Thursday, July 23, 2015

Why We Need To Cultivate Innovating Minds

by Marcus Conyers

Part One in a Six-Part Series
“Everything around you that you call life was made up by people that were no smarter than you, and you can change it, you can influence it, you can build your own things that other people can use.”—Steve Jobs; inventor; 1955–2011
“We are convinced the world will increasingly be divided between high imagination-enabled countries, which encourage and enable the imagination and extras of their people, and low imagination-enabling countries, which suppress or simply fail to develop their people’s creative capacities and abilities to spark new ideas, start up new industries and their own ‘extra.’
—Thomas Friedman and Michael Mandelbaum; That Used to Be Us (2011)
The present and future envisioned in these two quotes sound both a challenge and an opportunity. The words of Steve Jobs in particular capture the essence of the skills we will need for the future in a world where automation and outsourcing of routine work are transforming the landscape and career prospects.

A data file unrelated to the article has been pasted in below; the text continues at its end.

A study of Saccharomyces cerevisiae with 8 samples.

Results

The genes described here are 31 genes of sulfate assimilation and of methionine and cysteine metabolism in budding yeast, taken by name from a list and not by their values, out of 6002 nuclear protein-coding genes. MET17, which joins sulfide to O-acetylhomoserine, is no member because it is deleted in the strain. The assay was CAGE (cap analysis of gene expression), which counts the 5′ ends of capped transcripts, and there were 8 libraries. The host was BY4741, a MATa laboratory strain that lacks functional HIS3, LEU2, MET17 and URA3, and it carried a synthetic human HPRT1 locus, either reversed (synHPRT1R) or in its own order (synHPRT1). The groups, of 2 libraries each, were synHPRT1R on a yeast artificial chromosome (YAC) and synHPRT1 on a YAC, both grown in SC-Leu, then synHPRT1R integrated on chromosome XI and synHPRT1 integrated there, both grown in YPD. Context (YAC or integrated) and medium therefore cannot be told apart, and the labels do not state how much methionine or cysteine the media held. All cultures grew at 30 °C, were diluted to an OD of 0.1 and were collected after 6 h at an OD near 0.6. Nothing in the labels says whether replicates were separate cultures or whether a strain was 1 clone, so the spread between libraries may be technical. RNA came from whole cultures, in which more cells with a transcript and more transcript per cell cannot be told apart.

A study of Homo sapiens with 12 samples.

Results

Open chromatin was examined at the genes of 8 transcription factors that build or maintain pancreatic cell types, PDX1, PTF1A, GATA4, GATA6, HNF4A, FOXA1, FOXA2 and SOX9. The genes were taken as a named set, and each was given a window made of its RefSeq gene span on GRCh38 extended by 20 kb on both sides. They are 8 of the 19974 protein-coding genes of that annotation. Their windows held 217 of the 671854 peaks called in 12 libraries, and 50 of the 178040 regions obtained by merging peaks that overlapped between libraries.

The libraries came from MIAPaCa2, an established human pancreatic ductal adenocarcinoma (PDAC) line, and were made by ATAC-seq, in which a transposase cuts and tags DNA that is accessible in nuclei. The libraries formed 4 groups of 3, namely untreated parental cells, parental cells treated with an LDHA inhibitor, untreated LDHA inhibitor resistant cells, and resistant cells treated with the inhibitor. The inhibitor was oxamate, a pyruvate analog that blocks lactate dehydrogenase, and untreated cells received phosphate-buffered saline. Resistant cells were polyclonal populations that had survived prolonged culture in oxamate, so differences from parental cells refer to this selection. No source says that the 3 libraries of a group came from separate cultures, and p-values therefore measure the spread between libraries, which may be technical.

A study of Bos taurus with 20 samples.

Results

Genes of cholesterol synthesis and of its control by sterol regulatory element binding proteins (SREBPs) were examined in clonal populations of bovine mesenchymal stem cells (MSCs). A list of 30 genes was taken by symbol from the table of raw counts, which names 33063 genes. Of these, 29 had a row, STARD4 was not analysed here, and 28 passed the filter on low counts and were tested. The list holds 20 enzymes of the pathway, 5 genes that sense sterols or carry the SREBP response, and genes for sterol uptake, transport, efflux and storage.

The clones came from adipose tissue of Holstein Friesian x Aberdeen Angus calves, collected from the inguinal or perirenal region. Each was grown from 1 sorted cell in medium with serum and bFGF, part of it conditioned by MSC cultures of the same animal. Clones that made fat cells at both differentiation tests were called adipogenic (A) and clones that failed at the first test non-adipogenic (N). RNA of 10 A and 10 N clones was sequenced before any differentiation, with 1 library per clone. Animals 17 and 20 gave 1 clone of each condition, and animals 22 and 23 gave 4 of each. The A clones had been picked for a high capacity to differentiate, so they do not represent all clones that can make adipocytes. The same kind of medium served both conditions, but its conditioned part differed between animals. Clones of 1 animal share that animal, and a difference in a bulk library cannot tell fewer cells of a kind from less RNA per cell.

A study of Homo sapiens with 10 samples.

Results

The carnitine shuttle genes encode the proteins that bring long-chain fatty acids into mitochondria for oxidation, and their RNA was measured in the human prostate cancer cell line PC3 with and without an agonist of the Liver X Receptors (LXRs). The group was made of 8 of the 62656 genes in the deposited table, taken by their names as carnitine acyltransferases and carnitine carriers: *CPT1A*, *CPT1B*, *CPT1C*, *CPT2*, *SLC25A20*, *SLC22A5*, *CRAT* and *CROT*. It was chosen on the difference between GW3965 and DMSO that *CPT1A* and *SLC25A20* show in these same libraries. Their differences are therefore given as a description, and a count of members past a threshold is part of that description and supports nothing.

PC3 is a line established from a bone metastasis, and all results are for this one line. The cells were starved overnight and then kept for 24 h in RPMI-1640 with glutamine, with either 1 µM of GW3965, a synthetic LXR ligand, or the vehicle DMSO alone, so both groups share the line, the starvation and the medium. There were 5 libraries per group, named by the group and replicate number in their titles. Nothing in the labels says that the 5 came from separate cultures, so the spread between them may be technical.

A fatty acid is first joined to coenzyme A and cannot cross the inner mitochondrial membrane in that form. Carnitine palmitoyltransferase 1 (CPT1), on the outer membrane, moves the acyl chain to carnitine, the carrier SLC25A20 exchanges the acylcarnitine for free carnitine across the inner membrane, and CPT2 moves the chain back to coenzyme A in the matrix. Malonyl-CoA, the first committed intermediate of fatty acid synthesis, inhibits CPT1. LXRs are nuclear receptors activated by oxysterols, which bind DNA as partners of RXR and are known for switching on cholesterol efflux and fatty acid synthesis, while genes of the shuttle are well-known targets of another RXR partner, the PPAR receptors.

To thrive in the global innovation economy, we need to become creative thinkers and entrepreneurial doers who can collaborate, create, and implement new ideas that add relevant added value. We need to become skilled in identifying problems and opportunities, dreaming up and dialoguing possible solutions, elaborating and enhancing the best ideas, and applying and refining them in response to feedback. All of these skills can be taught and learned.

We have great untapped potential to become more creative and to make the most of our creative, analytic, and practical abilities. Through this blog, articles, books graduate studies, we hope to contribute ideas for developing Innovating Minds. 

Note: This post draws from research that Marcus did for an article, “Innovating Minds—What Students Need for the Future,” for Information Age Education (IAE).


Friedman, T.L., & Mandelbaum, M. (2011). That used to be us. New York: Farrar, Straus, & Giroux.